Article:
Almost everybody carries a camera with them, and people are now very good at sharing their life. According to Mary Meeker’s most recent internet trends report, the annual state of the internet published by the firm Kleiner Perkins Caufield & Byers, over three billion photos are shared to social media networks every single day. Two billion of those are uploaded to Facebook-owned properties. And that doesn’t count photos that never make it to social networks.
But as wearable cameras like the the Narrative Clip 2 become more popular, that might be just a drop in the bucket.
The Narrative Clip is a small camera that attaches to your shirt or hat and automatically takes a photo every 30 seconds. Users can also record a short video by double tapping the device.
Founded in Sweden in 2012, the company that makes Narrative launched on Kickstarter with the goal of raising $50,000. But worldwide fans were so enamoured with the idea, they wound up raising over $500,000.
Oskar Kalmaru, a co-founder and CMO at Narrative, told me that his personal interest in an automatic camera came from the birth of his son. He wanted to be able to photograph his child during the rare sunny days in Sweden while still being present in the moment.
“Before I became a father, I didn't really have a sense of time as a finite asset. But with a baby, every moment suddenly felt unique. I wanted to capture forever this sunny Sunday where he was 3 months old, because come next sunny Sunday he might be a month older and different,” he said. “I wanted to soak in every moment, but also capture it for my future self. Regular cameras didn't let me do both, but an automatic wearable camera could.”
The Narrative Clip offers a solution to a common complaint about the smartphone era: that we’re all too tethered to our smartphones. Most people, obviously, don’t want to view their vacation or family get togethers through the lens of their phone’s camera. But they feel obligated to for the sake of their friends and family — or for posterity. By continuously taking 8 megapixel photos, the device allows people to be both a participant and a documentarian of their life at the same time.
But with so many photos being captured (the Narrative Clip 2 can store up to 4,000 photos), how do you sort through the good ones? The Narrative helps users pick out the photos that actually preserve memories. “The Narrative app comes with a clever algorithm, that sifts through the photos to highlight the ones with crisp and vivid colors and with faces in them and without blur, noise, weird orientation or other elements that typically makes them less interesting,” Kalmaru said. “The result is a timeline of stuff that most likely matter most. Everything is kept available though for you to find if you're for example looking for a photo from a specific minute.”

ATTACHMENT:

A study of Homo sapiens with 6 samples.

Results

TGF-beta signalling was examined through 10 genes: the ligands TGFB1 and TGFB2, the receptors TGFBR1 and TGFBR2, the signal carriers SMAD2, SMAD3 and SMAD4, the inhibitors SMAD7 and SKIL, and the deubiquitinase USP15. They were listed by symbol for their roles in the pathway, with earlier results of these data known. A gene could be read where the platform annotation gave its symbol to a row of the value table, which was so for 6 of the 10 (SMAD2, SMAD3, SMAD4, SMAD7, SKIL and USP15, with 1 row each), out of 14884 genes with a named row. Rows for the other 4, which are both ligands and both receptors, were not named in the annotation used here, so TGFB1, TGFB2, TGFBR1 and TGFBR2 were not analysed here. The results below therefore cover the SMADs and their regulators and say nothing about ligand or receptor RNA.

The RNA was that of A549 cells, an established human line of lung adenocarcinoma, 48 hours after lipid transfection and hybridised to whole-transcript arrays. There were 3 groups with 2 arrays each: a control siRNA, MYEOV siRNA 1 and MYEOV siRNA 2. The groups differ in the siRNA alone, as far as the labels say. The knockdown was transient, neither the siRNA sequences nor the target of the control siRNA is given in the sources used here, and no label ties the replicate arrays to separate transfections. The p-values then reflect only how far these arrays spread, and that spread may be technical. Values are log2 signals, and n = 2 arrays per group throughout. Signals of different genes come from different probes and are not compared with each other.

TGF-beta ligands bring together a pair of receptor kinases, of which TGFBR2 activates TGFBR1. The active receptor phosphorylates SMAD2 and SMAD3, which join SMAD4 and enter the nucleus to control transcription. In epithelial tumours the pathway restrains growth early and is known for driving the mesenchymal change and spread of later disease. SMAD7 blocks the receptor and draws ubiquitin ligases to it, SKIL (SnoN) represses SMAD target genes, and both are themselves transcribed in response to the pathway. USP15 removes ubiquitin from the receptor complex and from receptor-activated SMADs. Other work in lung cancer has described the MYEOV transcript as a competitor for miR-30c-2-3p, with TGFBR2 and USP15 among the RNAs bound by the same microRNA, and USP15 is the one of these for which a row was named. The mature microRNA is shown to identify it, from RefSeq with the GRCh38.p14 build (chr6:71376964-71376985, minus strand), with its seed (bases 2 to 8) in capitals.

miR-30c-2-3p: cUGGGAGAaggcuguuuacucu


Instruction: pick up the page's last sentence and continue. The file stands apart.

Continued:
The Narrative Clip 2 wearable camera has found uses that extend beyond individuals that want to have pictures they can show off on social media. Businesses use it to tell their brand stories and capture customers in action, and academics use it for their research. Kalmaru says that some companies even use it to reveal how their product is created behind the scenes. For example, the British-based potato chip brand Walkers put a Clip on a potato farmer to show how their snack went from the farm to the bag.
Researchers also use photographs from the clip as data when conducting experiments. “Honestly, we didn't expect the impact the Clip has had in academia,” Kalmaru confessed.
“Lifelogging” is the practice of capturing every moment of your life through photos, video, audio, or data. It once only practiced by few people who were willing to spring for the pricey and bulky cameras that made them possible. But as the technology become more affordable and convenient, basic economics demands that more people will participate. But even people who simply want to capture special events, and not necessarily every moment of their life, will find a lot of value in a wearable camera.
“The passive logging of our lives, through our ‘digital footprints’ and content we create, is inevitably becoming richer and easier,” Kalmaru said. “Narrative is proud to have contributed to that development, while still being a popular tool for those who just want to have a good time and get photos and videos to share.”
In a way, the Narrative Clip 2 is part of the natural evolution of the camera. Each technological breakthrough has eliminated something that makes pictures difficult to take for the average photographer. Automatic exposure eliminated the need for manual exposure meters. Digital photographs eliminated the need for film. Smartphones eliminated the need for specialized cameras entirely. And now, wearable cameras like the Narrative Clip 2 even eliminate the need for an active photographer.
Soon, it might be common sense that sharing your life in pictures doesn’t have to be a barrier to living your life. And 3 billion photos uploaded to social media a day will seem quaint by comparison.